Buried within this nineteen-minute track is an underrated Fred Wesley trombone solo. The complete take was edited down to "Part 1" and "Part 2," although Fred's solo was left on the cutting room floor. It appears that the sole purpose behind the recording was for Brown to rap about "escapism" and then to document the band's inside jokes, such as Fred's own "L.A." joke and Brown's "Doin' Your Doodle" mock chant.
These lighthearted moments suggest that the tune itself doesn't have much substance. In fact, after only three minutes into the recording Fred, the bandleader, suggests to "take it on the lam," or to flee the premises. But instead, Brown takes the time to go through his witty responses to what anyone should say, he plays a couple organ solos, and more-or-less meanders until the tape runs out. After thirteen minutes, Fred is called upon to play a somewhat reluctant trombone solo. And yet, Wesley steps up to the plate and hits another home run.
The brilliance of this solo is its phrasing, in which he simply calls and responds to himself. If you were to strip away the rest of the band and replace it with a metronome, Fred's playing would be just as funky and communicative. This solo does not rely on anyone else to make a statement. It becomes obvious a few times during the solo that the band is listening to Fred's gospel call as they respond verbally with an "Yeah!," so much that Brown has to put a stop to it by claiming that no one played behind his solos. Perhaps it is a trombone solo that is too funky for even James Brown.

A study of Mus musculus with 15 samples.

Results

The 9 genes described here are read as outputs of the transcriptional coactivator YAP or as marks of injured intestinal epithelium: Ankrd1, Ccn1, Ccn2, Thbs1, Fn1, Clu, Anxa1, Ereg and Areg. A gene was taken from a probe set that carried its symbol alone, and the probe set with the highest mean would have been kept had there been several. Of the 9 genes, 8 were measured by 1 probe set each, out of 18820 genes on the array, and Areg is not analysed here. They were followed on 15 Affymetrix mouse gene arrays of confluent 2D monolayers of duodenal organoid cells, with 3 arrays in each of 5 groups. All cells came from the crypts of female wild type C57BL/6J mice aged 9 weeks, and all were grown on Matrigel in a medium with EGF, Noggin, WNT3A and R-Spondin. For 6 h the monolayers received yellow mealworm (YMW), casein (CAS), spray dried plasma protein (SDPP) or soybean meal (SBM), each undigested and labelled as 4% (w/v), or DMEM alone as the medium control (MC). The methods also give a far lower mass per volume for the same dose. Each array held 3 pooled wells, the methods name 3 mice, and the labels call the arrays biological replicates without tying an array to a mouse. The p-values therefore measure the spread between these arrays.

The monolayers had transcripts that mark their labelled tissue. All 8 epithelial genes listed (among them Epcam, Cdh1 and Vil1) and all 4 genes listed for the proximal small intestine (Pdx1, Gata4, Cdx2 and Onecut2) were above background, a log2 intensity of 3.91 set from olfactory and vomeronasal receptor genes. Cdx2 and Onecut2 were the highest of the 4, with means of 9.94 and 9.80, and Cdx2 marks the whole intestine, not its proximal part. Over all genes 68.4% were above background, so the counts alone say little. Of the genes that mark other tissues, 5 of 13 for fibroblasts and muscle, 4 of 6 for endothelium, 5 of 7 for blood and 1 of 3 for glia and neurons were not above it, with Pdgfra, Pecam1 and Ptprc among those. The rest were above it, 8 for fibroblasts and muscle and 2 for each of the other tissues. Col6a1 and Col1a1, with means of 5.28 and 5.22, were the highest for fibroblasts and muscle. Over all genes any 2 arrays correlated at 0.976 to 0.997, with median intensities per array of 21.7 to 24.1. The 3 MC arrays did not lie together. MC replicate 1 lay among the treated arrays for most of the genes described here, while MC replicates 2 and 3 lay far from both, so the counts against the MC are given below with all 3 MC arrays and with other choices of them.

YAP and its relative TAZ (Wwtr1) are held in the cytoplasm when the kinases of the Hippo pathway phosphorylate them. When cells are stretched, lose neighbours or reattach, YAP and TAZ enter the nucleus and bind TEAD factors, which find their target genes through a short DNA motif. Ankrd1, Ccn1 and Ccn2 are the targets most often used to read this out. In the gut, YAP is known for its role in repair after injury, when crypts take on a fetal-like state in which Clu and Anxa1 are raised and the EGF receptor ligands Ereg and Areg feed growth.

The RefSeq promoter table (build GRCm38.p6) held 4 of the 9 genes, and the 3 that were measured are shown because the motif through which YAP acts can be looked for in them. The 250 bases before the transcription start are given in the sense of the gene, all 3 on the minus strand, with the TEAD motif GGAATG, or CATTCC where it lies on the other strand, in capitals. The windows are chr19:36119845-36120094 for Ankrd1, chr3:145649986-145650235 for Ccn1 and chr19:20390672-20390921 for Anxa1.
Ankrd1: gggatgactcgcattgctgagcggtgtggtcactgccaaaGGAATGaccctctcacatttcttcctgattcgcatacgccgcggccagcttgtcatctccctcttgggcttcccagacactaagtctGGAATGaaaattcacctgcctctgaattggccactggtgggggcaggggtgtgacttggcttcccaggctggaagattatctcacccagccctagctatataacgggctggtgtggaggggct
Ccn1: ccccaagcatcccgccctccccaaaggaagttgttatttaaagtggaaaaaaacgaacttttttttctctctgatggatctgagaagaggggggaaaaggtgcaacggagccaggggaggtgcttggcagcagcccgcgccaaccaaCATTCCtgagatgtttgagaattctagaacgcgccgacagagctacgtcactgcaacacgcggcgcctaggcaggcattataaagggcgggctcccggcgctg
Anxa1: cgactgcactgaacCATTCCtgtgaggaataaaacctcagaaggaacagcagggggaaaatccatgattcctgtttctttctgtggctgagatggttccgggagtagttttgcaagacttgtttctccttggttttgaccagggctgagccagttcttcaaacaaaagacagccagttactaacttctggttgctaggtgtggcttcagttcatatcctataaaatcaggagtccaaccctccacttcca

For a change of scenery, I have stumbled upon a YouTube video [expired] of Fred Wesley playing at a jazz festival. Notice how his tone is just as powerful, yet flexible, in this type of setting. The performance has been split into multiple parts.
Recommended Reading: Hit Me, Fred: Recollections of a Sideman by Fred Wesley Jr. Published by Duke University Press.